Wednesday, May 11, 2016

Spergitarians, One More Time

A post or so ago I wrote about 'spergy libertarians' or 'spergitarians,' who are tone deaf to reality and argue that things like public sex or filthy language don't violate the NAP (non-aggression principle) and therefore must be permitted by libertarians. It's as though they want libertarianism to remain restricted to a small group, and not to spread to other people.

I pointed out that such people are motivated in a number of ways:

1. They want to feel special, and extra-virtuous, so they want to exclude other people and as a result feel superior to them.

2. They want to dominate the movement themselves, so they of course don't want to bring in converts, who might eclipse them and reduce their fame and influence.

3. Like leftists, they enjoy signaling their own virtue to each other, and that's more easily done in a small group with well-delinieated principles.

4. Outsiders who join the movement might be more practical and rational, and would therefore act to modify libertarianism in such a direction, thereby spoiling the effectiveness of the first three points.

But I forgot one very important factor, and a correspondent enlightened me thus:

You have a point with the "spergitarian" post, but you missed an important part of those arguments. One which you yourself used there. 

Shock value. 

Sometimes it stimulates conversation and debate. However when used incorrectly it stifles it. 

People have to work together for a society to function. To do that, there has to be an agreed upon, enforceable standard of public conduct. Justice Potter Stewart once said “I know it when I see it” in reference to pornography. That’s fine in a court decision, but public standards of a society cannot be so vague. When a child is exposed to an act, that vision is forced onto that child’s mind. Telling them it’s wrong when they see it repeatedly destroys the parent’s ability to teach them right from wrong.

Talk of permitting vulgar and obscene behavior that virtually all sensible people would rightly object to shocks the listener, especially outsiders, and gives the speaker the added delight of shocking everybody. This sort of thing was at the forefront of the "sexual revolution" and drug usage of the "counterculture" movement of the Sixties. Shocking everybody, especially old fuddy-duddies like one's parents and other authority figures was delicious, especially when it could be argued that you were making some kind of virtuous ethical point.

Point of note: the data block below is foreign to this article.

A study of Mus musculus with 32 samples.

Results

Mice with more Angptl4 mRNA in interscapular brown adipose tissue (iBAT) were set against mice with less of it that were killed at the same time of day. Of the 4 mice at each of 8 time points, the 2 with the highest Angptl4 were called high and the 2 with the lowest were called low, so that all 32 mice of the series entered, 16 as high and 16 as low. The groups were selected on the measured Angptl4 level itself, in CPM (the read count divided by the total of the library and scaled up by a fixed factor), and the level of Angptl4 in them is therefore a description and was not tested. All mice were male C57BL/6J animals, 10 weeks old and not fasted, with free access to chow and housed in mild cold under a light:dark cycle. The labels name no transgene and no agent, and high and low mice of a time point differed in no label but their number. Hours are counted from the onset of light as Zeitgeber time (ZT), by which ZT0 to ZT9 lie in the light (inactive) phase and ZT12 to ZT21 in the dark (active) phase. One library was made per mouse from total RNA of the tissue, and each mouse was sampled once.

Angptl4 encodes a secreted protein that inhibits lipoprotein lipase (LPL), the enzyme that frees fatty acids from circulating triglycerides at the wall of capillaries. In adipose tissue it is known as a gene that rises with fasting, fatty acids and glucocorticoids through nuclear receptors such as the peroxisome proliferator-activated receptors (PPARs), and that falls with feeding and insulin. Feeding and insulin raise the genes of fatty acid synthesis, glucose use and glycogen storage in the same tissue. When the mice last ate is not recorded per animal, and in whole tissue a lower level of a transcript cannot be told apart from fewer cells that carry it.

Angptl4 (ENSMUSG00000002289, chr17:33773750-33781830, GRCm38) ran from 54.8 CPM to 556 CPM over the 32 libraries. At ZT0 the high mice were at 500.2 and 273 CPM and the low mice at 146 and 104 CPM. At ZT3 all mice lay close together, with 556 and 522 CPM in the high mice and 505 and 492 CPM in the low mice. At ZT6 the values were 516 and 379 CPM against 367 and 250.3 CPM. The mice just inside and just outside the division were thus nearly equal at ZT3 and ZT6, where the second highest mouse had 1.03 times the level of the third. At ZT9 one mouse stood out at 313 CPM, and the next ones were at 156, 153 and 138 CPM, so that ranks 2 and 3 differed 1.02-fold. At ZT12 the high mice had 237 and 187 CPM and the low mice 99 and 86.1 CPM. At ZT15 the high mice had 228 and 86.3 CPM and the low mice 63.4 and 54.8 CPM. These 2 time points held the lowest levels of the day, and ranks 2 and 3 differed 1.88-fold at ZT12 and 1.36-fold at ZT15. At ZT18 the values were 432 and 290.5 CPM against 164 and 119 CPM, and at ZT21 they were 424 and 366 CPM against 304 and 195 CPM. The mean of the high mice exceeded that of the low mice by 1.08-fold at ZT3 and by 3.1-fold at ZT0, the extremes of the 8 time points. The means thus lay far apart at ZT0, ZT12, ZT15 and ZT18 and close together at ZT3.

Much like the issue of nudity, there is a difference between a philosophical debate among a small group in person, one on a small publication with limited exposure, one on a widespread public forum and one in the spotlight of a political stage. Some within this movement don't understand (or don't believe) that. As long as theirs is one voice among many it's not a problem. It's when they are the only voice that it causes an issue. Some of their problem (personal viewpoint here) is that they are usually atheists. It's not the "not believing in God" that's the problem. It's not recognizing that many rational people do believe, will continue to believe, and (absent an imposed outside legal framework) will fall back on the teachings of their religion to settle differences. Without recognizing that, they cannot see that a significant number of people would, given the majority in a group, expect everyone in that group to abide by their religious or moral teachings. They think that simply waving a "magic pen" and writing down their philosophy will make everyone nod in agreement and find common ground.

So add to the list the urge to shock. The indirect exhibitionism of insisting that exhibitionism be tolerated. That's part and parcel of the left-libertarian or flaky libertarian or spergitarian game plan, and it's just another indication that the difference between them and standard liberals is trivial. As it is often put, a distinction without a difference.
Quibcag: The well-brought-up kids are from Detective Conan, AKA Meitantei Conan (名探偵コナン)


  1. And it brings up another paradox. In the anarchic world, there would be no commons, only private property, but in many places were that to be implemented, there would be far more draconian rules imposed on behavior because you cannot violate the NAP yourself on your own property except in extreme cases.
    You can see this to some extent based on which apps Apple allows on the iOS devices. They ban apps merely "offensive to a large number of people".
    When that applies to roads or the sidewalk?

  2. There are good arguers for libertarian-ism. Off hand I can think of Michael Huemer [an intuitionist but he agrees with Ann Rand on important points] and Bryan Caplan and Friedman. The ones that have good arguments against it are the very famous Edward Fesser. Dr Ross was once part for the movement but went away but today I think he classifies himself a "a kind of libertarian." Steven Dutch has some pointed critique on the movement. The more powerful thinkers here are the one that argue the libertarian doctrines are flawed.